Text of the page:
Visitors to Red Fleet State Park destroy valuable dinosaur tracks by chucking them into lake

At least 10 dinosaur tracks have been unwittingly chucked into a lake by visitors to a state park in Utah. Despite the signs put there by the authorities, the rock chucking went on


                            Visitors to Red Fleet State Park destroy valuable dinosaur tracks by chucking them into lake

Red Fleet State Park in Utah has issued a warning after it was discovered that tourists were throwing rocks with 200-million-year-old dinosaur tracks into a lake. Over the last six months, at least ten prehistoric tracks are believed to have been lost according to conservative estimates. 

“Some of the tracks are very distinct to the layperson but just as many are not," said park manager Josh Hansen. "That is why it is important to not disturb any rocks at the dinosaur trackway.”

Red Fleet attracts over 30,000 visitors every year who come to see the wonders of the park. Most of them are unaware that the rocks they are skipping into the 750-acre lake bear valuable fossil markings and that their actions constitute an act of vandalism.

A life-size dinosaur replica from Centennial Park, Australia.
(Photo by Cameron Spencer/Getty Images)
A life-size dinosaur replica from Centennial Park, Australia.
(Photo by Cameron Spencer/Getty Images)

"It's become quite a big problem," Hansen said. "They're just looking to throw rocks off the side. What they don't realize is these rocks they're picking up, they're covered in dinosaur tracks."

An Eohippus skeleton on auction. (Photo by Dan Kitwood/Getty Images)
An Eohippus skeleton on auction. (Photo by Dan Kitwood/Getty Images)

According to the Independent, a teenager was caught hurling slabs of sandstone into the on-site reservoir. When apprehended, he was found to be holding another slab bearing toe imprints from a dilophosaurus track. Park authorities have begun increasing the number of signs around the dinosaur tracks in an effort to try and prevent further incidents.

"Education can play a big part in stopping this kind of behavior," Utah State Parks said on its blog. "To help combat it, we are asking everyone to spread the word. Please, do not throw any rocks in the dinosaur track area at Red Fleet State Park. Help us keep the area preserved and beautiful for visitors both tomorrow and for generations to come."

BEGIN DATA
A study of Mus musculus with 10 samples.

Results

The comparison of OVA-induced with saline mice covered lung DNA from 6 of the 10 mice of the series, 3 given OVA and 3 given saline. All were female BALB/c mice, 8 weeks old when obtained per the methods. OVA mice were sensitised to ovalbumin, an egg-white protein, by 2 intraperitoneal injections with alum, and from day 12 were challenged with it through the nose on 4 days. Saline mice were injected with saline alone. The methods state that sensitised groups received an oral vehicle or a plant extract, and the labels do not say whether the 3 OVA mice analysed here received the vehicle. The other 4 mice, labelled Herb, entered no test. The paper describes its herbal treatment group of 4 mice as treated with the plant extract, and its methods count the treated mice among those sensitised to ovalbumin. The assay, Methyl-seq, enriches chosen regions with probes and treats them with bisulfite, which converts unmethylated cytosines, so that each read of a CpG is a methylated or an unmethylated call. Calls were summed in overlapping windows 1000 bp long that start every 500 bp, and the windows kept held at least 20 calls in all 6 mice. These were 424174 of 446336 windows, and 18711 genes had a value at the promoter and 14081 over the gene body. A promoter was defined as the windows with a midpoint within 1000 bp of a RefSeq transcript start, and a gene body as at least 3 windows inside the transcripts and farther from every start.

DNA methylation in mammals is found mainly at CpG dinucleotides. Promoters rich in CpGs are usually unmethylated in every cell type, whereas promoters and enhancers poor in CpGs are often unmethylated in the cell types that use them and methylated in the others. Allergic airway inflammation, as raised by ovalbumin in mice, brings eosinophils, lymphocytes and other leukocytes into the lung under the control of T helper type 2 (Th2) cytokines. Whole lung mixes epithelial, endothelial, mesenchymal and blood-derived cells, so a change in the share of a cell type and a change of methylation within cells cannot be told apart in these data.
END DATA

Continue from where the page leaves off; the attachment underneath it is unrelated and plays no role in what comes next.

Dippy the dinosaur from the National History Museum.
(Photo by Matt Cardy/Getty Images)
Dippy the dinosaur from the National History Museum.
(Photo by Matt Cardy/Getty Images)

For now the park is also considering sending in divers to try and recover the lost tracks though many are feared to be lost forever as they would have either shattered on impact or dissolved in the water.

The park site is of significant importance since some 200 million years ago, dinosaurs were believed to have been present here in what is now northeastern Utah. The footprints they left behind are the basis for Red Fleet State Park about 10 miles outside Vernal. A trail runs past hundreds of the prehistoric raptor tracks stretching up a slickrock slope. And thousands of people come each year to see them.

This area, which is now a dry and dusty desert, was once a bog filled with mud and moss, reports the Salt Lake Tribune. Paleontologists believe the dilophosaurus would ambush other dinosaurs while they were resting or getting a drink in the swamp. They were fast with sharp teeth and toes used as weapons. Some weighed as much as a small horse. Though their three-toed footprints are not fossils, they’re treated as such under Utah Code.